Where Can You Work As A Pharmacy Technician?
Do you enjoy working in a social, fast-paced environment? Or would you rather enjoy more of a quiet or remote environment? The good news is that with a career in pharmacy tech, you can work in either of those environments! In today’s convenience-focused economy, there are a variety of settings you can work in.
Retail or Community Pharmacy
The majority of pharmacy technicians work at drugstores or retail pharmacies. These are the stand-alone pharmacies like Walgreens or the pharmacies located inside popular shopping outlets or grocery stores like CVS. Most retail pharmacies provide a drive-through service.
At these fast-paced locations, you’ll be on your feet, working with your community face-to-face preparing and packaging prescriptions under the supervision of a pharmacist. You’ll answer common questions regarding over-the-counter medications, process insurance claims, and work the cash register. These locations also provide covid testing and common immunizations so you’ll be processing the screening paperwork and perhaps giving vaccinations if you have certification. The schedules can be flexible depending on operating hours.
Hospital or Inpatient Pharmacy
Hospital pharmacy technicians have less direct patient interactions than retail pharmacies. Here you’ll be spending more time preparing and packaging medications in single-dose units to be administered by a nurse in the hospital. You’ll also fill syringes and prepare intravenous (IV) solutions to be used in the emergency room or on any of the hospital floors. You’ll learn how to operate and maintain automated machines that will dispense these medications too. All of the hospitals work on a 24-hour schedule 365 days of the year.
In recent years and with advancements in technology, we have more drugs that can target rare, chronic, and severe illnesses than before. These high-cost drugs require an increased level of patient care with limited distribution drugs. As a pharmacy technician in this setting, you’ll not only help process prescriptions, but you’ll be working closely with prescribers to help process prior authorizations which are required for many high-cost drugs. Many of these drugs will require specific packaging and shipping guidelines as well.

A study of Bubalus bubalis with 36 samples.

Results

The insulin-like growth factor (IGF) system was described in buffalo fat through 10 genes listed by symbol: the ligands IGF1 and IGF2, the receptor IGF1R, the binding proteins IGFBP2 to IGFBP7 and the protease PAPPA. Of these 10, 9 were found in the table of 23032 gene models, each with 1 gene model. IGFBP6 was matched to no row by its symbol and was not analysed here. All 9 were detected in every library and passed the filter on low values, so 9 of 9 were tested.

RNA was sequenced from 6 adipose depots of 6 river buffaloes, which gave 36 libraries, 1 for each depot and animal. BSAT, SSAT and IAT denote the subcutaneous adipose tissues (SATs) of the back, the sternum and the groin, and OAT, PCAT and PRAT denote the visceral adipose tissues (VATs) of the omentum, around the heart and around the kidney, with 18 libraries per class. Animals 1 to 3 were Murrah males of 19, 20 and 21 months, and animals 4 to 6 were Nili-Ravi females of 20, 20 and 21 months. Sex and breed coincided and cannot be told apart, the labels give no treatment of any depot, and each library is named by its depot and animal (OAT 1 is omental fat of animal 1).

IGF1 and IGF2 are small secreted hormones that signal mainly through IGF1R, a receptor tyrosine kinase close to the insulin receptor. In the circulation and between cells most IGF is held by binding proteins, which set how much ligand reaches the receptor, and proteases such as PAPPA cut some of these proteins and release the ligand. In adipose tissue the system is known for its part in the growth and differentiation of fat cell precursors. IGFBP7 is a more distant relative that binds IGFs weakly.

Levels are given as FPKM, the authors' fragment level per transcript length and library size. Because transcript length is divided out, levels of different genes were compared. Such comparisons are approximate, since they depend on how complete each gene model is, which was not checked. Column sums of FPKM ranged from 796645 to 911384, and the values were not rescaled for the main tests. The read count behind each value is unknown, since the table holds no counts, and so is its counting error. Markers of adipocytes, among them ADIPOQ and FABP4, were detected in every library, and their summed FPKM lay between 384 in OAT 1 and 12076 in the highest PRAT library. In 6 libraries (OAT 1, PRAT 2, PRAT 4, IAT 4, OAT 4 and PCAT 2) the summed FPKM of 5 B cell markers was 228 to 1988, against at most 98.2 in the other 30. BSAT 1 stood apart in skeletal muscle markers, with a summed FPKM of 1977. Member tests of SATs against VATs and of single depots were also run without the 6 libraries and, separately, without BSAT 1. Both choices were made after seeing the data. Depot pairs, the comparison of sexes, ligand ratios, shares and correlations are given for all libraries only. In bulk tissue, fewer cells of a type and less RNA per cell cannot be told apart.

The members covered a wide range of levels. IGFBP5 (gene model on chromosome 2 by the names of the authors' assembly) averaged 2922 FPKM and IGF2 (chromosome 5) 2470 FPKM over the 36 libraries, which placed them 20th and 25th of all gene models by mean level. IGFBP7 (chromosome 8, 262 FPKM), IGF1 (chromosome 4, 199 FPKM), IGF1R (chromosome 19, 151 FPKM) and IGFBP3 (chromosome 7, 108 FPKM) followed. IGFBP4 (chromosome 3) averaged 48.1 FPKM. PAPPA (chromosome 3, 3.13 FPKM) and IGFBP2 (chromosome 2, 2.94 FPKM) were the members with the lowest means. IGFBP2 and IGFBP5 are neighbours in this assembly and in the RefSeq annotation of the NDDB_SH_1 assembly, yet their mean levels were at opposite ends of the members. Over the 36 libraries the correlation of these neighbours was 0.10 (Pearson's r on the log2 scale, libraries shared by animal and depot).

These pharmacies operate much like retail pharmacies but also provide an additional service of compounding medications. Compounded medications are custom and patient-specific prescriptions that are not commercially available through drug manufacturers. If a patient is allergic to certain ingredients or needs specific dosing, prescribers may refer patients to these pharmacies that can tailor these medications. You’ll need to be good at math and work with compounding tools using specific techniques and measuring devices that require special training.
These pharmacies are not open to the general public but instead provide medications to institutions like long-term care, skilled nursing, mental health, and assisted living facilities. Here you will be in an environment much like a hospital pharmacy technician packaging unit-dose medications, syringes, and IVs. These environments are slower-paced and you will not have direct patient interactions.
Patient Care Clinics
As a pharmacy technician in these clinics, you can work alongside a pharmacist who works directly with a physician at a patient-care clinic or doctor's office. These pharmacy technicians assist pharmacists in coordinating medication therapy management regimens and will help gather medication drug histories from pharmacies or recent hospital stays. In this role, you’ll mostly be at an office and desk using the telephone and teleconferencing as a means of communication. You’ll call patients and follow up on drug therapies, help with prior authorizations with high-cost drugs, and help the pharmacist with a lot of the duties medical assistants would perform.
If you want to work in a more automated work setting where there is no face-to-face patient interaction, mail-order pharmacy might be for you! Insurance companies are encouraging more of their members to subscribe or require them to use mail-order for cost and efficiency purposes. Here you work with automated filling machines, perform basic jam/maintenance, and process prescriptions that come in electronically, via faxes, called in, or mail-in prescriptions. You will need to have excellent customer service skills when handling customer refills and complaints.
These are only a handful of the most common places you can work as a pharmacy technician, there are other specialized avenues you could explore like nuclear pharmacy where you can handle radioactive drugs or pharmacy benefit manager offices where you can work remotely!
As a Pharmacy Technician, there are many exciting places you can work! If you are interested in becoming a pharmacy technician you can begin your training now with U.S. Career Institute. Get started with your pharmacy technician training online today!